Album Review: Various Artists – Tanbou Toujou Lou [Ostinato Records, June 2016]

Tanbou Toujou Lou (Drums Are Always Heavy), Ostinato Records’s anthology of hard to find Haitian musical gems from Haiti in the 50’s, 60’s, and 70’s, is a wonderful album with songs that will please any listener. The anthology’s title points to drums, or tanbou, but this album seems to anthologise melody more than anything. It is an album that should also be listened to inquisitively: it reveals Haiti.

If one is not accustomed to Haitian music or language, there are two ways to listen to this album and both ways work well. The first is to let the songs’ sound speak to one’s soul, albeit in a foreign musical language. The second way is to imagine the context in which these songs were first composed and performed and to listen to them as the expression of that context. If listening to the musicianship in this album, it’s either the guitar, the singing voices, or the wind instruments that will interest most. The rhythms are amazing but it seems to be that the 50’s, 60’s and 70’s were a great period for melody, and it registers well when is released through the guitar, a singing voice, or a wind instrument.

If you are listening to this album as the expression of a context, it would be crucial to think of two major moments in Haitian history: the end of the American occupation in 1934 and the rise of dark skinned black politicians to power in 1946. When the Americans left Haiti in 1934, it led to renewed belief in a Haitian self which manifested itself in Haitian “indigeniste” or nationalist music. The “indigeniste” group Jazz des Jeunes along with the “indigeniste” musician Raoul Guillaume (leading the Orchestre de la Radio National D’Haiti) are both featured on this anthology.

In 1946, when dark skinned black politicians, many of them modernists, came to power in Haiti, they eventually supported hedonist art which would surpass nationalist music. This hedonist art manifested itself musically as konpa and kadans rampa music, the combination of Latin American rhythms heard on the radio but also danced with Dominican prostitutes in Haiti, and the blossoming of the Mini-Jazz (named after short skirts of the 60’s) who are anthologized on this album. This album features songs by both the founder of konpa, Nemours Jean Baptiste, and of kadans rampa, Webert Sicot. It also features the very first mini-jazz group Les Shleu Shleu.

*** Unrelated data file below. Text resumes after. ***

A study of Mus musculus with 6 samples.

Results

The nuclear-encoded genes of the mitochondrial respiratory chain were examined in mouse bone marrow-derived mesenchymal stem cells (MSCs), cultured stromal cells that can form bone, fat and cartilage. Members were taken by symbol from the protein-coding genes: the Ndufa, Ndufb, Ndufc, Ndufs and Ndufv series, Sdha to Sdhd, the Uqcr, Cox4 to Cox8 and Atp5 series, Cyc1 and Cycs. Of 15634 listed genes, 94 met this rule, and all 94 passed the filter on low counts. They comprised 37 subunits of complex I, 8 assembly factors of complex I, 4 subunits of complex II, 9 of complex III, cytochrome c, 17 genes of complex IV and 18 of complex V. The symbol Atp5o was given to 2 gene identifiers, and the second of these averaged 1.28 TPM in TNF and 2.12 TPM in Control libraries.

“Mesi Bon Dieu” is this album’s most impressive gem. The Orchestre de la Radio National D’Haiti, the group performing the Haitian folk classic, is no longer in existence. It is well arranged and the song is expressed with the right amount of confidence. The Orchestre’s leader Raoul Guillaume is one of the very best Haitian musicians of all time. “Rapadou” by Rodrigue Milien is an incredible listen and features a celestial voice that is known by too few people outside of Haiti: Rodrigue Milien’s. “Epoque Chaleur” is a standout and particularly great slow-paced number.

The electric guitar was introduced in Haiti as a foreign instrument. Haiti produces its own instruments and well to do Haitians have had a traditional affinity for the piano. This album collects the beginning of the mastery of the electric guitar in Haiti. The guitar, whether acoustic or electric, is an instrument that is beloved in Haitian culture and the songs that one hears show the beginnings of the instrument’s importance.

Tanbou Toujou Lou is a great effort and a superb album.